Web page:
Is someone afraid the gun will fall out of the holster? that's usually DQ-able no matter where it happens.  Most 3 gunners have figured out they need a good retention holster, so that isn't so much an issue anymore. 

 

I ask the question because I run qualifications for my guys at work and all of us have loaded pistols on during our rifle quals.  I have never thought twice about going prone, nor has any of my other staff.  It seems to be a non-issue.  I contend it is not an unsafe act.  Does anyone have a good reason why we should continue to DQ people who do it? 

 

If we do want to discourage it, Would it maybe be better to give a procedural instead of a DQ?


I also like doing different things such as loading the pistol on the fly. 



While not very likely that a handgun in a holster could or would go off when prone, there is a possibility of it falling out or somehow something get into the trigger guard.  Again, very unlikely.  But, the gun is in a bad orientation for an AD.  So, the motive is to simply eliminate that risk.

The other aspect is that many of our rules have to be applied to the lowest common denominator, or in simpler terms, a new shooter.  That isn't mean to be negative or derogatory in any way.  But I see guys showing up with sherpa and drop leg holsters all the time.  I def don't want to be behind this guy while he is prone w a hot gun.

 

And, it is easy to minimize or eliminate the risk.  Have handgun unloaded for prone stages, making it hot after the initial draw takes seconds.  And, if everyone has to do that, it is an even playing field. Shoot the pistol first and dump prior to rifle portion. Give shooters an option, go prone and gun is cold, one knee, it can be hot.  Have the pistol staged on a table or prop after the rifle stage, shooter retrieves after rifle.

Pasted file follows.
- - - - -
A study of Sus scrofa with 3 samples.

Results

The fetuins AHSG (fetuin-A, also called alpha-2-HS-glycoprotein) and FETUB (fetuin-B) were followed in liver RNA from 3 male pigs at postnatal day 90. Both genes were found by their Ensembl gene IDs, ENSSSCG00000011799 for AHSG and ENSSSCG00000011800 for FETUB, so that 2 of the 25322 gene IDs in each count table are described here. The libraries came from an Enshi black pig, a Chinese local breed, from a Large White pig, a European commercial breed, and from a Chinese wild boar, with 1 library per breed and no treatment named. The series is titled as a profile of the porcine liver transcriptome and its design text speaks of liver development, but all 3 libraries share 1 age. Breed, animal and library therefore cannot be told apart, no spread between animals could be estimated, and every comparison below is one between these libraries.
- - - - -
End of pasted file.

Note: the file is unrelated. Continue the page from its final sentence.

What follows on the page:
I am not one of the safety queens that jumps on every little issue. But, this is one that is not that intrusive and is probably a good rule.

 


 

One year, I let you start with a loaded pistol. In my mind, the stage was standing. It said in the stage brief, if you planned to go prone, you needed to start with an empty pistol. I am overly cautious, and unless you're using your pistol first, it's usually empty. But, I thought, no worries. Alas, I had to DQ an open shooter who made a bit of a running leap to abandon his rifle and he bumped the pistol and boom, on the ground! Dang it!

 

Personally, I don't like having a loaded gun pointed at me when I'm RO'ing...especially in the mountains where there are cactus, stumps, rocks and all sorts of other things to catch it on!






It might just be me but I get a bad feeling anytime I see a loaded gun pointing at me. ?

 

 

I guess I get the rule...But its silly.  Im with the OP, Ive run several qualification lines where folks went prone with hot pistols.  I never thought to be offended by it until my first 3g match.  When a gun comes out of the holster while you are running which way is it pointing when it hits the ground?  Only Jesus knows





 

Do YOU want to stand behind a randomly chosen guy with a loaded pistol pointed at you while he's prone? 

 

The intent is to keep loaded guns from pointing at people. 

 

On the other side, I have had ROs try to tell me that if I go reverse kneeling and my holster points back, that it is a DQ, had to get the MD to come over and say of course not.

 

When we kneel or pick up guns or anything off the ground, the gun can point backwards too. 

 

I would like to see letting you drop mag and rack out the round, reholster, and be ok, if you did end up not clearing it and reholstered, then be at mercy of the rules.



 

My general rule is if a loaded gun is pointed at a person, that's no bueno.